Background: Prostate-specific antigen (PSA) is a serine protease secreted as a zymogen. Previously, cell-free biochemical studies have identified various kallikreins (KLK) as candidate activating proteases. In this study, KLK2-mediated activation of PSA in cell-based in vitro, xenograft, and transgenic models was evaluated.
Methods: Du145-derived PSA- or KLK2-expressing clones were coincubated in vitro and in vivo to evaluate KLK2-induced PSA activity. While mice possess orthologs of KLK4-15, they do not have functional orthologs of PSA or KLK2. Therefore, transgenic animals expressing PSA or both PSA and KLK2 were generated to assess orthotopic PSA activation.
Results: PSA is activated by KLK2 when the cells are physically in contact, and through co-conditioned media. In vivo, the free (inactive PSA) to total (active + inactive PSA) ratio in the blood is decreased when PSA and KLK2-expressing cells are co-inoculated subcutaneously, suggesting increased active PSA. Additionally, double-transgenic mice expressing both genes in the prostate produce more active PSA compared to single transgenic animals. A longitudinal evaluation over a 2-year period demonstrated no morphologic changes (i.e., no PIN or prostate cancer) due to PSA or PSA/KLK2 double transgene expression relative to non-transgenic mice.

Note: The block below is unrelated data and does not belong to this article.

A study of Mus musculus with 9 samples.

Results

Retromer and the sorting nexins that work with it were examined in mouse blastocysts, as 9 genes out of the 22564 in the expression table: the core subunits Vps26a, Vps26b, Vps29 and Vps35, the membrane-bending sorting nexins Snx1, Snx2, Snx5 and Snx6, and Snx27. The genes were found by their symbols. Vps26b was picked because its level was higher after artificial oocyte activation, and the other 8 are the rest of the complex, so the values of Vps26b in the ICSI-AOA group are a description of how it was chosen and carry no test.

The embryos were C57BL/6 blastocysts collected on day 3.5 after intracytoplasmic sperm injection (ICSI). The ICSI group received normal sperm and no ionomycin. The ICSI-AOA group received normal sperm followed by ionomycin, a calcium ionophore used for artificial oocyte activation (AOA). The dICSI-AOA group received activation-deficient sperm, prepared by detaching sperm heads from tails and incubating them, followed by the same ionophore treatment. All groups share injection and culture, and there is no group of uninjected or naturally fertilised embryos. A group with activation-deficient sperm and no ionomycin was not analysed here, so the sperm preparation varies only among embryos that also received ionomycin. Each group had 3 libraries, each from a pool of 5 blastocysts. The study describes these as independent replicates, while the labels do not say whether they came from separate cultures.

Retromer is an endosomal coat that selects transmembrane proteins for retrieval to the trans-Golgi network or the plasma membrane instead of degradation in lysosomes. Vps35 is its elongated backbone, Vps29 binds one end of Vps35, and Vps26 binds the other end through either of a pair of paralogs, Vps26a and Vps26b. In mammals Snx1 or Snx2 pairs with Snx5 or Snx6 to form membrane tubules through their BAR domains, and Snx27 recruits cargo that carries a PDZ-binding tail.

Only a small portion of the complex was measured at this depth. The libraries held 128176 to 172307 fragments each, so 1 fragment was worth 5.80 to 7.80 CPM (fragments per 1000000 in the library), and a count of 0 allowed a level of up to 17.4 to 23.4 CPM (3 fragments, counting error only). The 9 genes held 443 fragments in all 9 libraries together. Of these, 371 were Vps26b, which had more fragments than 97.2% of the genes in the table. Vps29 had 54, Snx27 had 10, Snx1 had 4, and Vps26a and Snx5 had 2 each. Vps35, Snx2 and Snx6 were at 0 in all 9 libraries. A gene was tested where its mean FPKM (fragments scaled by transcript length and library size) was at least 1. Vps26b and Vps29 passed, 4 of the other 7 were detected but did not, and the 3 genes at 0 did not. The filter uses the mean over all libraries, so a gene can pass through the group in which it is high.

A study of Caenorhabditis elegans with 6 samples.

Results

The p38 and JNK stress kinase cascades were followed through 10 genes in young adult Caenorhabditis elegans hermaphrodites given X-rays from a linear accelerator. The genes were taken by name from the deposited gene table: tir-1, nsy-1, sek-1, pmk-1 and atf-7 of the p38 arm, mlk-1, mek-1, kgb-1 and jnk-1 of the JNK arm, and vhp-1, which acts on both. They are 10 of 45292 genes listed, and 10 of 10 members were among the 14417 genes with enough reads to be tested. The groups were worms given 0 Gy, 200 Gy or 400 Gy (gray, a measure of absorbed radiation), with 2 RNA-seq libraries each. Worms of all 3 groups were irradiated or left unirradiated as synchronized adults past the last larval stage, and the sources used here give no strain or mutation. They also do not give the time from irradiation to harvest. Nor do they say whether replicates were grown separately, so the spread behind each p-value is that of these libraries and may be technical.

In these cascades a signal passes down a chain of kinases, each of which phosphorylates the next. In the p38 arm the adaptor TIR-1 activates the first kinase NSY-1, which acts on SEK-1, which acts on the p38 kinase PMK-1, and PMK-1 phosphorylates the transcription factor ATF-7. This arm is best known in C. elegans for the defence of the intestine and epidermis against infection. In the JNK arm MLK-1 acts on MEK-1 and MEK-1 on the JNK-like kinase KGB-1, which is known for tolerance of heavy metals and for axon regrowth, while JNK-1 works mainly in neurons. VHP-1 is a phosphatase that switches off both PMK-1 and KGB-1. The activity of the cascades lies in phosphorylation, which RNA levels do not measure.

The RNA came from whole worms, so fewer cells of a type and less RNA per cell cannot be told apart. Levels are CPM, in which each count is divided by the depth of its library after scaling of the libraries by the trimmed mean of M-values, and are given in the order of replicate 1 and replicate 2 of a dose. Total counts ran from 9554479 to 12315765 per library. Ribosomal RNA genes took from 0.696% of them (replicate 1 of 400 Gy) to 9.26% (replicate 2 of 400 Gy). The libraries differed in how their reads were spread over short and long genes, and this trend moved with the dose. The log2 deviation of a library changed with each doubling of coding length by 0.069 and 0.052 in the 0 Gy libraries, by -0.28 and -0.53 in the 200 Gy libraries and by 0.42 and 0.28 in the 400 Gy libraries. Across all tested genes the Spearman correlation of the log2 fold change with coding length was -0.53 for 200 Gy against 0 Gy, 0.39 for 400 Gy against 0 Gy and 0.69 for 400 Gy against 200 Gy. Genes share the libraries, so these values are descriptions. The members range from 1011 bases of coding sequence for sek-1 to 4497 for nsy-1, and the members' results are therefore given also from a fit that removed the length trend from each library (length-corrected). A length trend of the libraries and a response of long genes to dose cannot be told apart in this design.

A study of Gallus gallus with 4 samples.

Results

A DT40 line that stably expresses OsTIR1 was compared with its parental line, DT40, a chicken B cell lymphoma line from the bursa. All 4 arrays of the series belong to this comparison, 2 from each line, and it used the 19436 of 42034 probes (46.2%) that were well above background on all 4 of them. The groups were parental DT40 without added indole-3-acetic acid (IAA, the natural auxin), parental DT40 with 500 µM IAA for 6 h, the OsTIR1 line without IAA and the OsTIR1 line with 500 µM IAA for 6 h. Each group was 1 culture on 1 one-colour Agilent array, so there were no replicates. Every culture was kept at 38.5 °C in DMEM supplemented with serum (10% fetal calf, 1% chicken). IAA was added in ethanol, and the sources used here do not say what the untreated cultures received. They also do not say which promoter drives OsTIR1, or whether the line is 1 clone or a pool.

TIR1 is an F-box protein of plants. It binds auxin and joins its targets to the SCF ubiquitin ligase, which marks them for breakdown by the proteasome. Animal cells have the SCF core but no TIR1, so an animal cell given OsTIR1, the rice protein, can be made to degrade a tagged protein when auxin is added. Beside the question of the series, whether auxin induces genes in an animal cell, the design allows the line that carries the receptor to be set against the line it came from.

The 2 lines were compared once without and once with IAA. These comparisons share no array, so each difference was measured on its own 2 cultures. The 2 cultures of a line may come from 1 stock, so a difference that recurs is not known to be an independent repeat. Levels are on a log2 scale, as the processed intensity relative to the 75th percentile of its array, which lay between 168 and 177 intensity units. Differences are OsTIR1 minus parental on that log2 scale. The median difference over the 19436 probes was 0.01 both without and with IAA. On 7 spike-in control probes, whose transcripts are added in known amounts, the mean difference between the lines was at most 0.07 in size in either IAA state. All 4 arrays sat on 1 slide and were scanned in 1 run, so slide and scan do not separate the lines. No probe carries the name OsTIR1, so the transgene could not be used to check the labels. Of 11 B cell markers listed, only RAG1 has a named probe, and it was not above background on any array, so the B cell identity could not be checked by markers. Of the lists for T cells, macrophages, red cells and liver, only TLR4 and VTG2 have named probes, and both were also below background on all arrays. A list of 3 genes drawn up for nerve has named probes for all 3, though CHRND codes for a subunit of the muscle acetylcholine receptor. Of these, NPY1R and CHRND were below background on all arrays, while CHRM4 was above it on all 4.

Conclusions: These data demonstrate, with biologically relevant models, that KLK2 is the protease responsible for activating PSA. While PSA is involved in the processing and release of a number of important growth factors, our results suggest that active PSA is not sufficient to induce the development of prostate cancer or prostate cancer precursors in aging PSA transgenic mice.